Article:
The U.S. said Wednesday it is "committed to its strategic partnership with Turkey to bring stability to the region and defeat terrorism in all its forms" amid a row sparked by comments from a senior Trump administration official.
"We appreciate Turkey's efforts to increase its border security, stem the flow of foreign fighters through its territory and fight on the ground to clear ISIS from key towns in Syria," a National Security Council spokesman told Anadolu Agency on condition of anonymity, referring to the Daesh terrorist group.
"There is more work for everyone in the region to do to address the financing of terrorism and the ideologies that support violent extremism, and the United States will look for opportunities to deepen our cooperation on the issue with Turkey," he added.
Speaking Dec. 12 at an event hosted by the British think tank Policy Exchange in Washington, National Security Advisor H.R. McMaster said Turkey and Qatar are the "main supporters" of "radicalism" and claimed Turkey's problems with the West were mainly due to the rise of the ruling party in Ankara. The remarks drew a swift rebuke from Ankara.
The Turkish Foreign Ministry said McMaster's remarks were acknowledged with "sadness". It added McMaster, due to the position he holds, "must know better".
"National Security Adviser McMaster's baseless claims are far beyond reality, astonishing and unacceptable," said the statement.
The Foreign Ministry urged the U.S. to stop supporting terrorist groups such as the PKK/PYD.
The PKK/PYD, also known as the YPG, is the Syrian wing of the PKK and has received U.S. support in the form of Special Forces back-up, air power and military supplies.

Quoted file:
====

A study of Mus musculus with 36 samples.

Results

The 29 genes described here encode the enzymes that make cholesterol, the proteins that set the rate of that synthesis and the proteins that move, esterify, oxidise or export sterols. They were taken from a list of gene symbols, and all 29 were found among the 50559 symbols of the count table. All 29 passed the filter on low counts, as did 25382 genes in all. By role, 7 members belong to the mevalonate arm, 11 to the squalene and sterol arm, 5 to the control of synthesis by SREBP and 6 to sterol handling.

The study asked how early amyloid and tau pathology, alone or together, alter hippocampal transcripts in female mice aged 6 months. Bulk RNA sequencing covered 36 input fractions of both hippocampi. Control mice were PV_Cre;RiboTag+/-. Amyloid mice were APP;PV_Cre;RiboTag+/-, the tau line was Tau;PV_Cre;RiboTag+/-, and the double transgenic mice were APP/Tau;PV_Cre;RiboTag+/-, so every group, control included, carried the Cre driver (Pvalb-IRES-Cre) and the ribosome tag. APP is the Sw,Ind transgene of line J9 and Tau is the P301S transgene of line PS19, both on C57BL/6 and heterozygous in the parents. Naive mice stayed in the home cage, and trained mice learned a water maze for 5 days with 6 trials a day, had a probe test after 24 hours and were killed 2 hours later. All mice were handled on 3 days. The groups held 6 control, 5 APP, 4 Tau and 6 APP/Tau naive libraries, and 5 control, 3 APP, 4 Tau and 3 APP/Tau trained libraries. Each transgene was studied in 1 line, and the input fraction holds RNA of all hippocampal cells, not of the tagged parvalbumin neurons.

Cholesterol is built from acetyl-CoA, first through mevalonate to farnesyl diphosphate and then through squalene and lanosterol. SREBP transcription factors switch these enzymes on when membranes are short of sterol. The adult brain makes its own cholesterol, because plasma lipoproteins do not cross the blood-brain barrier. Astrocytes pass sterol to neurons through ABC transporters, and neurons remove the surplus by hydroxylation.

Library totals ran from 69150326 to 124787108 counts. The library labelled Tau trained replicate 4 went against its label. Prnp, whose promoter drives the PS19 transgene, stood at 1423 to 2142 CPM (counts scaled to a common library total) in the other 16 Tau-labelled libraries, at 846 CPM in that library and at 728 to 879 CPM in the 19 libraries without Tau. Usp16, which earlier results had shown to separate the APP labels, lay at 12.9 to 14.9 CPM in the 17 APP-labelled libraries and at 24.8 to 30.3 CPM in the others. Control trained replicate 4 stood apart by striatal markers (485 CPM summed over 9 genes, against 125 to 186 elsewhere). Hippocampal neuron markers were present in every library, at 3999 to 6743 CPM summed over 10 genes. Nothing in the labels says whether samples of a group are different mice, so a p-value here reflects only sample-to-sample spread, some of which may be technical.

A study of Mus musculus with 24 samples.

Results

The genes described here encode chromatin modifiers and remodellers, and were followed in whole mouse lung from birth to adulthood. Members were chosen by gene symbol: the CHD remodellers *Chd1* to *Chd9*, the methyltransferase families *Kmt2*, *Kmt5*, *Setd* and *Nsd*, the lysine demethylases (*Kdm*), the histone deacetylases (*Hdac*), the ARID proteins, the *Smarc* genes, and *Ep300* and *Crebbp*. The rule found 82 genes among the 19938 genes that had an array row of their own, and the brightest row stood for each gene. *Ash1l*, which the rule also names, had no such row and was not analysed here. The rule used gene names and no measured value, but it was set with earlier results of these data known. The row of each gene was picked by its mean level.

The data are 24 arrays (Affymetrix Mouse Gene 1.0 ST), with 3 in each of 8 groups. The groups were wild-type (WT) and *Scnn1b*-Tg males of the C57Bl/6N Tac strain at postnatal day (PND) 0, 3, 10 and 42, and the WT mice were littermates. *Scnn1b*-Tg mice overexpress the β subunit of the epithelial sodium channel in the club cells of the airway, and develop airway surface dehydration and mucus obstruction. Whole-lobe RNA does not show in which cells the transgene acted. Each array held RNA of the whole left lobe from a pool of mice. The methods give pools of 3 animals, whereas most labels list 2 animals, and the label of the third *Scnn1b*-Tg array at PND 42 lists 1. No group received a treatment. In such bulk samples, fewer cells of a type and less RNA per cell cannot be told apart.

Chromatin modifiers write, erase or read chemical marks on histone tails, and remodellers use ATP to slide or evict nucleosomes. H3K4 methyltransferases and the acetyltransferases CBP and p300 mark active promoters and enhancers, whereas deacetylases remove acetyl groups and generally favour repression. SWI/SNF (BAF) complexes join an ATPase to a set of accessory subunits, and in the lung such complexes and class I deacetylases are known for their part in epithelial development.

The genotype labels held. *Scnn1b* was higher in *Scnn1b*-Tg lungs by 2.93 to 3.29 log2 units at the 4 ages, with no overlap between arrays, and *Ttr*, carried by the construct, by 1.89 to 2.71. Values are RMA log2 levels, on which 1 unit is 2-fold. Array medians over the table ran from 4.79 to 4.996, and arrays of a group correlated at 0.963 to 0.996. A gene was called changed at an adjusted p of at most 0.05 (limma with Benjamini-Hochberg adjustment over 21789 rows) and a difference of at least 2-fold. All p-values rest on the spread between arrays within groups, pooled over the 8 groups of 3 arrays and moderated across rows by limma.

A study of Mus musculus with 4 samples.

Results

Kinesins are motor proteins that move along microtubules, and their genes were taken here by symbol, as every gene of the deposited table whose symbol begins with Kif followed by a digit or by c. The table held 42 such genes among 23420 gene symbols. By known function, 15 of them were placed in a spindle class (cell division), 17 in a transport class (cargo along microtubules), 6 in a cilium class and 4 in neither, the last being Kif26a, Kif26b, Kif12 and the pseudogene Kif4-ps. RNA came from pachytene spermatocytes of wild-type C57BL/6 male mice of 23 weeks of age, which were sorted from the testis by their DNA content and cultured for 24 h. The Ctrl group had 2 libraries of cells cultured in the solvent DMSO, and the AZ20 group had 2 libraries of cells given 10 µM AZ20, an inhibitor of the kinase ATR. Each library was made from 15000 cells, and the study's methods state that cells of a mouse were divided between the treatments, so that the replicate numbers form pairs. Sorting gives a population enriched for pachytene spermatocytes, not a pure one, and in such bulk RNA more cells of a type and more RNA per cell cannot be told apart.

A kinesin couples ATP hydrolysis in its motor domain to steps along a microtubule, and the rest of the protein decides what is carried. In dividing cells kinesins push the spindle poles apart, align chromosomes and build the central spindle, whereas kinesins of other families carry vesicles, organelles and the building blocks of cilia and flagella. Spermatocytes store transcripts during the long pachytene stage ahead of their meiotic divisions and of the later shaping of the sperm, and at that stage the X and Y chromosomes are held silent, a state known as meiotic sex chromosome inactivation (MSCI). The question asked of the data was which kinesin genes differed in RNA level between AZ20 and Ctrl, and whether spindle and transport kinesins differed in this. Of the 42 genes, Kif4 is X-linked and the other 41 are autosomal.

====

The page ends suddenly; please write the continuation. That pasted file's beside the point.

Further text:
The U.S.'s use of the PKK/PYD in Syria has been a longstanding complaint for Turkey, which has been subjected to a decades-long terror campaign by the PKK, which is listed as a terrorist organization by Turkey, the EU and the U.S.
"We expect the U.S. to provide more concrete and effective support to our country in its determined fight against terrorism and radicalism in accordance with our traditional alliance relations and international legitimacy," the statement added.
The statement came amid strained relations between the two countries, notably the fact that the leader of Gülenist terror group (FETÖ) still roams freely in Pennsylvania, a highly politicized trial against an ex-executive of Turkish state-owned Halkbank and the FBI's financial support of 50,000 dollars to a fugitive Gülenist named Hüseyin Korkmaz.
Korkmaz who had first denied his involvement in December 17-25 judicial coup attempt while he was under arrest in Turkey, later confessed his role in the bid. He is currently testifying in Manhattan federal court for U.S. prosecutors in the trial of Mehmet Hakan Atilla, an executive at the majority state-owned Halkbank, who is accused of taking part in a scheme with gold trader Reza Zarrab to help Iran evade U.S. sanctions. His contradicting statements have been met with caution.
Direct links between the judge overseeing the case, Richard Berman and FETÖ have also cast doubt on the trial. Turkish officials have underlined that the case is politically motivated against Turkey.
Zarrab, a Turkish and Iranian national, has pleaded guilty and testified against Atilla, saying he used fraudulent food and gold transactions to launder money for Iran with the help of Atilla and others. Atilla has pleaded not guilty.
U.S. prosecutors have charged a total of nine people in the case. Only Zarrab, 34, and Atilla, 47, have been arrested by U.S. authorities.